Bossi, A.C., Veronesi, G., Poerio, C.S., Braus, A., Madaschi, S., Destro, M., Ferraro, B., Gilberti, L., Sganzerla, P. and Davis, E.M. (2015) A Prospective Study for Introducing Insulin Pens and Safety Needles in a Hospital Setting. The SANITHY Study. Current Diabetes Reviews. August 6th. .


BACKGROUND: to assess costs and safety of insulin pen devices and safety needles as compared to vial/syringes in hospitalized patients requiring insulin therapy in a General Hospital in Northern Italy.

MATERIALS AND METHODS: in a prospective 9-month study, consecutive patients admitted to three Hospital Units received insulin therapy through either a traditional disposable syringe method, or pen/safety needles with dual-ended protection, or disposable safety syringes. We compared the median direct (insulin and devices) and indirect (insulin supply at discharge, insulin wastage) costs of a 10-day in-hospital insulin treatment in the 3 study groups, additionally accounting for the costs related to the observed needlestick injury rate. Patients’ safety during in-hospital stay (hypo- and hyperglycemia episodes) and satisfaction were also assessed.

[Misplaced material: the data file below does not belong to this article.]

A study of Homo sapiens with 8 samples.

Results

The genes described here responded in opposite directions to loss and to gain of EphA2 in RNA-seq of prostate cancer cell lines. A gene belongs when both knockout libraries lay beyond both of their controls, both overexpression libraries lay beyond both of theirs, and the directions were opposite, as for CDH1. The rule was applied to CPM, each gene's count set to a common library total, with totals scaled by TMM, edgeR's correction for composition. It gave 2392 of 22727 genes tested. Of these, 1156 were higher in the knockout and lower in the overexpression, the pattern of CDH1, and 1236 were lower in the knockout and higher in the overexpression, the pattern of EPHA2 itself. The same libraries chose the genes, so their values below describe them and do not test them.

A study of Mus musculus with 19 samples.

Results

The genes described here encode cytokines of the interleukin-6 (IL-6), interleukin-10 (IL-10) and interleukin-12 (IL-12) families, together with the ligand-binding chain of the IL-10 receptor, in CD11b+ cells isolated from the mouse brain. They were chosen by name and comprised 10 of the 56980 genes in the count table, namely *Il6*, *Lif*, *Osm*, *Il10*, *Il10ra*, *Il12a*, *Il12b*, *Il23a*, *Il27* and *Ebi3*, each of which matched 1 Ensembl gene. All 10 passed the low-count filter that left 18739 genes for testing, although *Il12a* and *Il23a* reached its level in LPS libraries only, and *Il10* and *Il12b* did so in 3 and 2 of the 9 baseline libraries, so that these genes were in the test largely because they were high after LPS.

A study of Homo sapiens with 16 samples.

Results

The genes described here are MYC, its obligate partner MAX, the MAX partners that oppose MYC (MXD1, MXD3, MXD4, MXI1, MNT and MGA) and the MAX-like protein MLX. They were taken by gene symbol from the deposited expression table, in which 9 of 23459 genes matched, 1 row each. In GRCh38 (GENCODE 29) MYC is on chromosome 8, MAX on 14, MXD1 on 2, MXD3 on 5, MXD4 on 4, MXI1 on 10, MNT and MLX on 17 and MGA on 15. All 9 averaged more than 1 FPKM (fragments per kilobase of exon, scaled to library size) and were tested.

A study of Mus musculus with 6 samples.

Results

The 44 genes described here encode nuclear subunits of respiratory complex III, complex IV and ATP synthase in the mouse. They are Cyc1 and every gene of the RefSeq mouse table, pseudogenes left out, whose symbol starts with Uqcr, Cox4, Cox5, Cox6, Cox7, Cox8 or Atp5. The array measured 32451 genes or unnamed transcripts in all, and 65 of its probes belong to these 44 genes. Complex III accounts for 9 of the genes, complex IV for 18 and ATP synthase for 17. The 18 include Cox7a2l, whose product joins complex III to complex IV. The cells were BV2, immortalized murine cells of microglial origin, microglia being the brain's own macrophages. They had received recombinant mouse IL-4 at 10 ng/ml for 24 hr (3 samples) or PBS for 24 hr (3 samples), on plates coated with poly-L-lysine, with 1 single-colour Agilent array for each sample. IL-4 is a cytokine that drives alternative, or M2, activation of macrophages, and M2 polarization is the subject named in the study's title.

RESULTS: N=360 patients (55% men, mean age 75.6 years, 57% with DM since ≥10 years) were recruited in the study. Insulin pens had higher median direct cost than both traditional syringes (43 vs. 18 €/patient, p<.0001) and safety syringes (21.5 €/patient, p<.0001). However, when also indirect and injuries costs were taken into account, the estimated savings for using pens over traditional syringes were as high as 32 €/patient (45.8 vs. 77.6 €/patient, p-value <.0001). No differences in patients’ safety were observed. 74% and 12% of patients using pens and syringes would like to continue the method at home, respectively (p<0.0001).

DISCUSSION: a selective use of individual pre-filled pens/safety needles for patients who are likely to continue insulin therapy at home may strongly reduce hospital diabetes treatment related costs.